Secret Teacher: Maybe the school holidays are too long

Some of the most vulnerable secondary students would certainly benefit from creative summer group work
Secret Teacher: Maybe the school holidays are too long

What if we’d summer programmes during state exams, to engage students, whilst giving breathing room, actual time, for teachers to plan and collaborate? Picture: Ben Birchall

Sometimes, unpopular decisions have to be made for the greater good. I imagine the decision to delay pub openings didn’t come easily but as a teacher, hoping to get back to work, I’m grateful for it.

It makes me think of another, potentially difficult decision I’m not sure we’ll ever make — that of cutting secondary school holidays. On a personal level, such a decision would devastate me. They’re amazing, and come the end of May, they certainly feel deserved.

But on a professional level, I’m not convinced they work for everyone.

I know this is contentious, but I think secondary school summer holidays are four weeks too long. It gets me out of the swing of things and I find September terrifying, each year. I experience a mini-version of this terror every Monday during the year, when students descend on us after their weekends, a little more unruly, a little less engaged.

But the first of September is a gazillion times worse. I soft-step into the classroom, unnerved, a little fatter, clutching my brand new teacher journal, the work of the previous year buried deep. Names escape me. I over-think them, stumble through my hellos. 

My attempts to reference learning that happened three months ago are soul-destroying — my sense of worth and efficacy joining the accumulating scraps of paper in the classroom bin.

Could it be easier?

I wonder what it would be like to stay in school throughout June. What if we’d summer programmes during state exams, to engage students, whilst giving breathing room, actual time, for teachers to plan and collaborate? Maybe we could open the school up to parent volunteers? Maybe with a few designated planning weeks school might be less intense and stressful for the rest of the year.

Surely, students would benefit twice over, from such creative summer group work and from coordinated advanced planning?

Certain students would benefit far more than others — our most vulnerable. A favourite writer of mine, Malcolm Gladwell, argues in his book Outliers that “America doesn’t have a school problem … it has a summer vacation problem.” This is based on robust research linking longer school holidays to a negative impact on the learning of America’s poorest students. Here, social inequality is why we have HEAR (Higher Education Access Routes); it’s why the government heavily funds Deis schools. We’re closing that gap in Ireland; we’re getting there.

But maybe we’re missing the obvious by never discussing how long these children spend away from education in secondary school. And it’s unusual; we’ve one of the longest holiday periods in the OECD.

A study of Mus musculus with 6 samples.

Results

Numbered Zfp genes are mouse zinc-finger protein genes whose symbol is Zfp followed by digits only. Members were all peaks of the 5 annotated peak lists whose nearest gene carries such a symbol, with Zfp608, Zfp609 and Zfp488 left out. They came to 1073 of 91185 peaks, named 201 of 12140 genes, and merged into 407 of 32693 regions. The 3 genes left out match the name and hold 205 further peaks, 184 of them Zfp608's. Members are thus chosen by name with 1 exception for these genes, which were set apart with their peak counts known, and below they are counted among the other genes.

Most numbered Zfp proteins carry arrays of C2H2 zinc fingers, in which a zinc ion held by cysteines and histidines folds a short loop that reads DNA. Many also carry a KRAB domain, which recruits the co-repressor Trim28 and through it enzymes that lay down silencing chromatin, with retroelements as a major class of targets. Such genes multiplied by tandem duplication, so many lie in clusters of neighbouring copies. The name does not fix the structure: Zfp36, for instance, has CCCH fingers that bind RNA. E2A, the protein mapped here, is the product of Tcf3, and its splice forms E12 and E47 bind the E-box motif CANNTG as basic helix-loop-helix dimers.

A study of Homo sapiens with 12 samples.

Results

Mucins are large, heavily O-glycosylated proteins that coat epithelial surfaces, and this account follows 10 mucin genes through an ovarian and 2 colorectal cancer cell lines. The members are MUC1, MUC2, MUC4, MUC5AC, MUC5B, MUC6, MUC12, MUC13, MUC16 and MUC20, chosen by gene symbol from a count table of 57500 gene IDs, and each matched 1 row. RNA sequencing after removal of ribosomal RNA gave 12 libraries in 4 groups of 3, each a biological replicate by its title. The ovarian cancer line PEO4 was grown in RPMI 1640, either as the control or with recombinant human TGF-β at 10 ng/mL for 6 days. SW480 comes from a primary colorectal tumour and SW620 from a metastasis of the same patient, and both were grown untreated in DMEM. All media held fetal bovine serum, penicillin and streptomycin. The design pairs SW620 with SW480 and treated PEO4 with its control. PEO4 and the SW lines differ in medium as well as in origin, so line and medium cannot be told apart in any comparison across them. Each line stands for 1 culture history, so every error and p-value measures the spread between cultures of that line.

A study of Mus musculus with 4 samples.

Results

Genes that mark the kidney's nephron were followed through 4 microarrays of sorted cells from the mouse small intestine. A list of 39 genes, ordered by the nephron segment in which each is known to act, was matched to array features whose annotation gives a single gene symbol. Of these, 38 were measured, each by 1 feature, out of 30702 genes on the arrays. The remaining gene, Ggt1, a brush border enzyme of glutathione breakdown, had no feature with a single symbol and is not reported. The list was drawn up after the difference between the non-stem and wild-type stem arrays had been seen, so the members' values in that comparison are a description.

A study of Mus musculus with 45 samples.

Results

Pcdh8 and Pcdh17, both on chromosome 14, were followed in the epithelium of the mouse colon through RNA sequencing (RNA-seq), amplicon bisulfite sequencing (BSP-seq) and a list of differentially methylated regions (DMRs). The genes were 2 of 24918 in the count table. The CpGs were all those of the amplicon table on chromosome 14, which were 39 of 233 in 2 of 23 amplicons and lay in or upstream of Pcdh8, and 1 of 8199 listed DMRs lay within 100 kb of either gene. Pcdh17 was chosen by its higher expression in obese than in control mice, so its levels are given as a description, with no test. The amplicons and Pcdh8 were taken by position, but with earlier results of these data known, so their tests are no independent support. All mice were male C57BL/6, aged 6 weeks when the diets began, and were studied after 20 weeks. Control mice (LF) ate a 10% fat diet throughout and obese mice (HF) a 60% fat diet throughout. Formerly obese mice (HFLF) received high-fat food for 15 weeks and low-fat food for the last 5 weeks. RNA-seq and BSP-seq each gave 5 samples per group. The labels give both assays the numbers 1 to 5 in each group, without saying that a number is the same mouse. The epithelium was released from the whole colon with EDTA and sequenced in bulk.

Because while some families chat about books they’re reading, other families do not. My five-year-old uses words like ‘literally’ and ‘specifically’. I’m quite lazy about reading to her and far too often the books I buy act as ornaments; sincere little blocks of intention lining my walls. Still, I read to her on occasion. She’s comically uninterested in phonics — but she’s growing up with teachers. So she speaks the language of teachers. It helps.

But a lot of students don’t, and three months of summer sets them behind their peers academically. And teachers spend the rest of the year trying to help them catch up. Their parents can’t afford to travel and they can’t afford expensive summer camps. The infamous ‘summer slide’ is more intense for them because come September, they’re having to switch back to a different language again. 

These kids are not less capable. They are not less good. Their parents are equally not less capable and not less good. But they’re disadvantaged when it comes to education and earning power.

Maybe we could have reduced numbers in June? We could narrow the gap for young people who need extra support? Maybe reduced hours? Maybe we pay teachers more? Because let’s be clear, lockdown will have affected some kids far more than others. We’re going to have our work cut out for us in September, Covid-19 restrictions aside. Lockdown reminded everyone how different homes can be. Some are disadvantaged, that’s one thing, but others are abusive. We all heard about the spike in calls to Childline. Certain kids know this intrinsically; they live it every summer, every weekend. For these kids, school means safety.

The teachers’ unions in Ireland have done great work in not over-burdening teachers, as we see happening in other countries, but I’m not sure they’d ever entertained this idea, and it worries me when something isn’t open to discussion.

But I’m conflicted.

I worry too that we’ve ultimately forgotten what school is for, that we’re beginning to slide towards a ‘hold-all’ model, like in the UK and the States. Teachers want to support the whole child but are asked to manage mental health, socio-economic deprivation, special needs and severe behavioural challenges without appropriate resources, training and support. Maybe shortening holidays would add to this?

I certainly don’t want to suggest that teachers trump parents and can do the impossible, in terms of single-handedly championing the child. The parent always matters more. The state and its trained experts are always needed. We need more help than we currently get. Maybe schools could collaborate with outside agencies during this time? Incorporating desperately-needed training for staff?

I’m happy to be wrong about all of this because it would mean a guilt-free summer for me and my family.